More malloc questions...

This is a discussion on More malloc questions... within the C Programming forums, part of the General Programming Boards category; Up until now I have basically avoided using malloc when possible and just allocate space with a static array. Lately ...

  1. #1
    ... kermit's Avatar

    Up until now I have basically avoided using malloc when possible and just allocate space with a static array. Lately I have been experimenting with malloc, and I ran into a problem which left me scratching my head for a bit. Here is an example of what I was trying to do originally:

    Code:
    #include <stdio.h>
    #include <stdlib.h>
    #include <string.h>
    
    void foo(char **txt_ptr)
    {
        enum {
            BUF_MAX = 25
        };
        char *buffer = malloc(BUF_MAX * sizeof *buffer);
        char *p;
    
        if (buffer == NULL) {
            puts("No memory for you!");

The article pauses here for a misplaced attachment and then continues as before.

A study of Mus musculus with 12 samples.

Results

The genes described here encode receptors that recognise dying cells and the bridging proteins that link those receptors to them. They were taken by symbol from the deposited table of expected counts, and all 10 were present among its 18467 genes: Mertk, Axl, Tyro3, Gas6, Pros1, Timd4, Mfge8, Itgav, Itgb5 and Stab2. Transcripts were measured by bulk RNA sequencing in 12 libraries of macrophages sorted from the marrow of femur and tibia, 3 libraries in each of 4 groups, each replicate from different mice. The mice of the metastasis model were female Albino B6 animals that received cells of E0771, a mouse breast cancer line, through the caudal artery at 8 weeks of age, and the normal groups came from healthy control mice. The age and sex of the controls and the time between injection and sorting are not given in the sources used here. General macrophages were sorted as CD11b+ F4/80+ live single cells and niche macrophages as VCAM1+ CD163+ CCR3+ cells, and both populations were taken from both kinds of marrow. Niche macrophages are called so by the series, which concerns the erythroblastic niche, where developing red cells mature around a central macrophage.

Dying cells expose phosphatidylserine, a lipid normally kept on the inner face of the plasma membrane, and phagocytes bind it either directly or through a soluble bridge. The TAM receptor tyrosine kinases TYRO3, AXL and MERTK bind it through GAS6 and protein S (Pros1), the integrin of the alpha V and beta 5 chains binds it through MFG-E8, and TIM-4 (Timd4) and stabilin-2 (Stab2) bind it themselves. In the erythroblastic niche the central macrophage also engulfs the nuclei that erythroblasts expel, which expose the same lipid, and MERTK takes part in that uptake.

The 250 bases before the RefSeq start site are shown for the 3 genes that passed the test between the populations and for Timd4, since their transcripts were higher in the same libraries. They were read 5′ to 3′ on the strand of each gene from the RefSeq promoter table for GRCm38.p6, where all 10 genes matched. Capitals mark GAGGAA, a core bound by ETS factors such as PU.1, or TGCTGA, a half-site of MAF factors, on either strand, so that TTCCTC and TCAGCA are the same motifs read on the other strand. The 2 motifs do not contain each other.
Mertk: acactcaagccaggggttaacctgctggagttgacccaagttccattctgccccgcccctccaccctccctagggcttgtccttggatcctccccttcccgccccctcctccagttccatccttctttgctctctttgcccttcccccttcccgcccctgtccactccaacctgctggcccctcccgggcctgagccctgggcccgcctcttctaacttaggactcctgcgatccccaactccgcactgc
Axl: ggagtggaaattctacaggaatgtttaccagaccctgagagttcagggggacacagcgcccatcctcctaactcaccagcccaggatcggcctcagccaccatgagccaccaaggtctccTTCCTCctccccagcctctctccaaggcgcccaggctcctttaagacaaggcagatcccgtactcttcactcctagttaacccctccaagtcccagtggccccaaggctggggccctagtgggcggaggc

exit(EXIT_FAILURE);
        }
    
        printf("\nEnter some text: ");
        fflush(stdout);
    
        if (fgets(buffer, sizeof buffer, stdin) == NULL) {
            perror("fgets()");
        }
    
        if ((p = strchr(buffer, '\n')) != NULL) {
            *p = '\0';
        }
    
        *txt_ptr = buffer;
    }
    
    int main(void)
    {
        char *textp = NULL;
        foo(&textp);
        printf("\n%s\n\n", textp);
    
        return 0;
    }
    This line was giving me trouble:
    Code:
     if (fgets(buffer, sizeof buffer, stdin) == NULL) {
    IIRC, that line would work properly with a static array, but in this case, 'sizeof buffer' equals 8. Not what I wanted at all; I could enter as many characters as I wanted, but the printf in main would only print 7 of them. So I came up with a kludge that looked like this:

    Code:
     if (fgets(buffer, (BUF_MAX * sizeof *buffer), stdin) == NULL) {
    It 'works', but I hate learning this way in case there is something wrong with it. What is the nicest way to solve this problem?

  2. #2
    and the Hat of Guessing tabstop's Avatar

  3. #3
    ... kermit's Avatar

  4. #4
    Kernel hacker

    When you use pointers and dynamic memory, YOU need to know how big the block of memory is.

    --
    Mats
    Compilers can produce warnings - make the compiler programmers happy: Use them!
    Please don't PM me for help - and no, I don't do help over instant messengers.